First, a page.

Can the medium of film really be defined as art? Or is it in fact nothing more than an amalgamation of different art forms? For Bela Tarr, acclaimed director of Damnation and Satantango and master of the ‘slow cinema’ genre, film is less art but rather a psychological process. No more is this true than in his latest, and rumoured to be final movie, Turin Horse, which apparently came very close to being named Best In Competition at this year’s Berlin Film Festival.
The story takes place in a small, unnamed provincial town in Hungary. A town isolated from the continued advancements of the west which survives purely on the will of its hard working community. We follow Janos Verluska (Lars Rudolph), a philosophical young man who lives and works here throughout the bitterly cold weather whilst still managing to care for his elderly uncle.
On one of these cold days, a circus arrives in the town – a circus unlike any we would be familiar with. Its collection of oddities includes the carcass of a large whale and a mysterious man named ‘The Prince’. They’re all contained in an iron clad trailer that features none of the glam or glitz you’d normally expect to see from a touring show aiming to entertain.
This circus and especially ‘The Prince’ come with a following of disenfranchised foreigners and neighbouring towns’ folk. These elements combined with a coal shortage in the town during an unrelenting frost ignites a fire of disharmony that has been festering beneath the fragile populous, resulting in a rebellion of colossal magnitude…
With Werckmeister Harmonies, Tarr has created his most philosophical film so far. His use of Janos Verluska to narrate and observe the town’s descent into madness helps us to understand how such chaos could come about so quickly. Indeed, the film’s opening scene (in which Janos explains to the local bar’s patrons how the effects of an eclipse reflect our human condition to block out the looming fear of mortality) sums up what we as an audience are in store for. This allegory, beautifully portrayed through the spinning of drunkards, represents the movements of the Earth and the Moon around the Sun, and depicts the way in which the natural world turns to madness when faced with the silence of impenetrable darkness.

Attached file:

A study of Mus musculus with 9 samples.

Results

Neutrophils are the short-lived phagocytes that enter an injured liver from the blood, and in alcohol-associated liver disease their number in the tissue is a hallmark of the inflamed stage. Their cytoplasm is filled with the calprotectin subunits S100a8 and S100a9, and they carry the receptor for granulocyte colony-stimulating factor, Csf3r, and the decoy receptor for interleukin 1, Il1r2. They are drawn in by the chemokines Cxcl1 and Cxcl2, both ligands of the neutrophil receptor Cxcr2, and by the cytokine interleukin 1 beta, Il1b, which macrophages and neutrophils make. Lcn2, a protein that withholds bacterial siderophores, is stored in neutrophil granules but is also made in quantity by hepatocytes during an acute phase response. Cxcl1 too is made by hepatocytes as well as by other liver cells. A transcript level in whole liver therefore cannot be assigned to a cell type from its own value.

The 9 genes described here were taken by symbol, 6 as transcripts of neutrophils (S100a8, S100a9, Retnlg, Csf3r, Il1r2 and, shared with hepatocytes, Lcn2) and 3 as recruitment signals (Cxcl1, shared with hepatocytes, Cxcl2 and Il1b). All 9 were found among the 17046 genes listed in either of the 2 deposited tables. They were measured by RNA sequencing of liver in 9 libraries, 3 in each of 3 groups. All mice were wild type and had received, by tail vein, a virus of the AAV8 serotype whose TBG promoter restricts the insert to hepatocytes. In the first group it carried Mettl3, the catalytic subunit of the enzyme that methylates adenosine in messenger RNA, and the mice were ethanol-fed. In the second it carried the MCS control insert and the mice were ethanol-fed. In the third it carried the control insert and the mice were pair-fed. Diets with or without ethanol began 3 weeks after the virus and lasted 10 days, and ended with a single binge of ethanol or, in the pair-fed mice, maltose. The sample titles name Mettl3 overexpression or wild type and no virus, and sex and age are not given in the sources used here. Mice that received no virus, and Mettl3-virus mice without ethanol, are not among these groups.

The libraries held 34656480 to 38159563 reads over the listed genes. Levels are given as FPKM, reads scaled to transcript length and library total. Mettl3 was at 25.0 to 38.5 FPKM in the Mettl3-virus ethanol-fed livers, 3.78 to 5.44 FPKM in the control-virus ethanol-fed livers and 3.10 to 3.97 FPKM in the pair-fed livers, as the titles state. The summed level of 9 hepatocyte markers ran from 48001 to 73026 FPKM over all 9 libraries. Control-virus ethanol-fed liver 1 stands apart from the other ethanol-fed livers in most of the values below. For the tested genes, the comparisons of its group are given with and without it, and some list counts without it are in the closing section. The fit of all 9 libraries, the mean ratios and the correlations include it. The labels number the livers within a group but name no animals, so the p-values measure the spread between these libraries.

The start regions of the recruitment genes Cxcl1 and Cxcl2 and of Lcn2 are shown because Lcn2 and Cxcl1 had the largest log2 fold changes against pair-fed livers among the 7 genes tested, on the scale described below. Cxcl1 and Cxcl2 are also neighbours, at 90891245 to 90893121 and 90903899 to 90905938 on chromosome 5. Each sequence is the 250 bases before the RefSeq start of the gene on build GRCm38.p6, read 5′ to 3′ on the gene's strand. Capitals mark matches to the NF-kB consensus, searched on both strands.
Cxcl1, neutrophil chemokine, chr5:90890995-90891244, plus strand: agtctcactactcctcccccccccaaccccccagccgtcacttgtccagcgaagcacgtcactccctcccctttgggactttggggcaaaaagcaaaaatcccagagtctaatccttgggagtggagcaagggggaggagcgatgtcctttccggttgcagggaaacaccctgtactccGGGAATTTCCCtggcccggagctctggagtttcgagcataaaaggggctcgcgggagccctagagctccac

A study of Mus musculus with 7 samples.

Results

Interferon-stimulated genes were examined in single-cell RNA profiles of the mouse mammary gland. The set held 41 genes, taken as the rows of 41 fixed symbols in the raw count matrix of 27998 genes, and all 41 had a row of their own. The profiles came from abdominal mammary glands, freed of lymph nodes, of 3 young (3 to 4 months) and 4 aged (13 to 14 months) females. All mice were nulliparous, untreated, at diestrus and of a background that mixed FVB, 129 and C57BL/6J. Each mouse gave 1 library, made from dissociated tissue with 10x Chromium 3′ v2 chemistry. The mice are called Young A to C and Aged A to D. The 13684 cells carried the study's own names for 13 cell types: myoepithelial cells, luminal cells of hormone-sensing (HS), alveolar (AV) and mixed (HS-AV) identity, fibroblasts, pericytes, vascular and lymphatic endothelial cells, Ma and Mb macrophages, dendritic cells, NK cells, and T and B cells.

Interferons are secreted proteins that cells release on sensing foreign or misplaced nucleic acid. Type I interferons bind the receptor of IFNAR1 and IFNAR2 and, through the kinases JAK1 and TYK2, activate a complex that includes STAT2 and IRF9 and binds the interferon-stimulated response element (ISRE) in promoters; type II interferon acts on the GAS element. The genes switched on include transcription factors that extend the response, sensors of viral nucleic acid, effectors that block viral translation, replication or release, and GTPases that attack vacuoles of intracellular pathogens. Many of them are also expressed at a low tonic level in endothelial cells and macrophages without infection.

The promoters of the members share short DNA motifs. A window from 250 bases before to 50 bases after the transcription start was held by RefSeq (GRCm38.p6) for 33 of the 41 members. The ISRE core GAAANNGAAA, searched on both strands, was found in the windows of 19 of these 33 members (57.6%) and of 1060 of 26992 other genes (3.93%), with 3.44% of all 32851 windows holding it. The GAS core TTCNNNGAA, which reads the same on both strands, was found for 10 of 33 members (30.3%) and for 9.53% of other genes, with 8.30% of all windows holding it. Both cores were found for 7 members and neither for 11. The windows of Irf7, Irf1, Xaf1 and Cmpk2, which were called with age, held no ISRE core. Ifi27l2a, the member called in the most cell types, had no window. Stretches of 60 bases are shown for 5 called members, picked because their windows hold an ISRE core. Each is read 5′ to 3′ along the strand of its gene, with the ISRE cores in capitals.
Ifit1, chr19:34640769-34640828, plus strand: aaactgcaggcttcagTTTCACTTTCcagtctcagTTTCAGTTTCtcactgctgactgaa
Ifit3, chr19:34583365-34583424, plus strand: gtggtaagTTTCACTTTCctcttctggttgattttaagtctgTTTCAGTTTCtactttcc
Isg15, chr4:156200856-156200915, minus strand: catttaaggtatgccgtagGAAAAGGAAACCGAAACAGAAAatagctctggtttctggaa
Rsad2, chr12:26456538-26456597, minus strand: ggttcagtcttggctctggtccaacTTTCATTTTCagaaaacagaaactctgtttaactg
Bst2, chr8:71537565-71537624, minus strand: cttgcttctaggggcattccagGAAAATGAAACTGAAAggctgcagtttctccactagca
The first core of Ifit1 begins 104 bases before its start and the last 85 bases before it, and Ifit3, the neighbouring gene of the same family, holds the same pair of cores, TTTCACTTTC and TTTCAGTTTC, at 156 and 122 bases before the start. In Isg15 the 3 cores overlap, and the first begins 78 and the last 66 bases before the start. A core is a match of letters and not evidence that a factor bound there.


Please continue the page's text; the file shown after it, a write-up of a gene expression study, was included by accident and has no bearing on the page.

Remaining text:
If you fail to find the majesty in this opening scene then it would be fair to say that Werckmeister Harmonies isn’t for you. It’s here in these opening ten minutes that we witness a montage of all the style and trademark techniques Bela Tarr has become famous for. Here we see them all working in perfect harmony, whether it be his magnificent ability to hold your attention throughout overtly long tracking shots, his meticulous use of lighting to gently reflect mood, and the subtle presence of non-diegetic sound to emphasise the deep rumbling emotion that should by now be pumping through your veins.
There is also the fascinating use of symbolism which has kept many intellectual art house fans up all night debating with each other on internet message boards. The main topics of debate focus on deciphering the meaning behind both the giant whale carcass and the enigmatic prince. The large dead whale could easily be seen as a representation of God, or more notably Nietzsche’s quote about morality and the disappearance of the moral principals which once guided us through organised religion. “God is dead. God remains dead. And we have killed him” would certainly seem fitting with this depiction of a community’s rapid decline into chaos. ‘The Prince’ perhaps holds a more obvious connection to the film’s geographical setting, and Tarr’s devotion to depicting his nation’s harrowing journey throughout modern European history. Some see ‘The Prince’ as a representation of Hitler and thus the effects of fascism which tore the country apart. Others see the Slovak speaking prince as a depiction of Stalin and the oppressive communist regime he subjected Hungary to throughout the 1950s. However you look at it, he is certainly an image of sanctimonious hatred whose singular aim is to pollute the populous with an atmosphere of rebellion and chaos.
All this high praise should not mask the fact that, like his previous work, Tarr’s style is certainly not to everybody’s taste. Clocking in at hefty 139 minute runtime and only comprising of thirty-nine extended takes (that’s an average of three-and-a-half minutes per shot, whereas your usual Hollywood block buster clocks in at around 5.4 seconds). The film certainly requires a mix of patience and strong will (as well as an equally strong bladder!).
Fans of silent cinema should find much to rejoice in with Werckmeister Harmonies mainly due to its aesthetic similarities with the genre. Tarr’s use of minimalist dialogue and wide angled shots, often paired with a sustained and soulful close-up of the characters faces, harks back to films such as Metropolis and Sunshine. A perfect example of how a picture is worth a thousand words.
Regardless of your taste or preference in world cinema, or your feelings on the newly revered genre of ‘slow cinema’, Werckmeister Harmonies should be viewed by anyone who claims to be a devotee of art house film. Even if the film’s subtle symbolism escapes you, or it’s lethargic pace frustrates, you should certainly find enough here to convince you of what a truly sumptuous masterpiece of cinematic art this is. Yet like all works of art, it will no doubt confound some whilst dazzling others.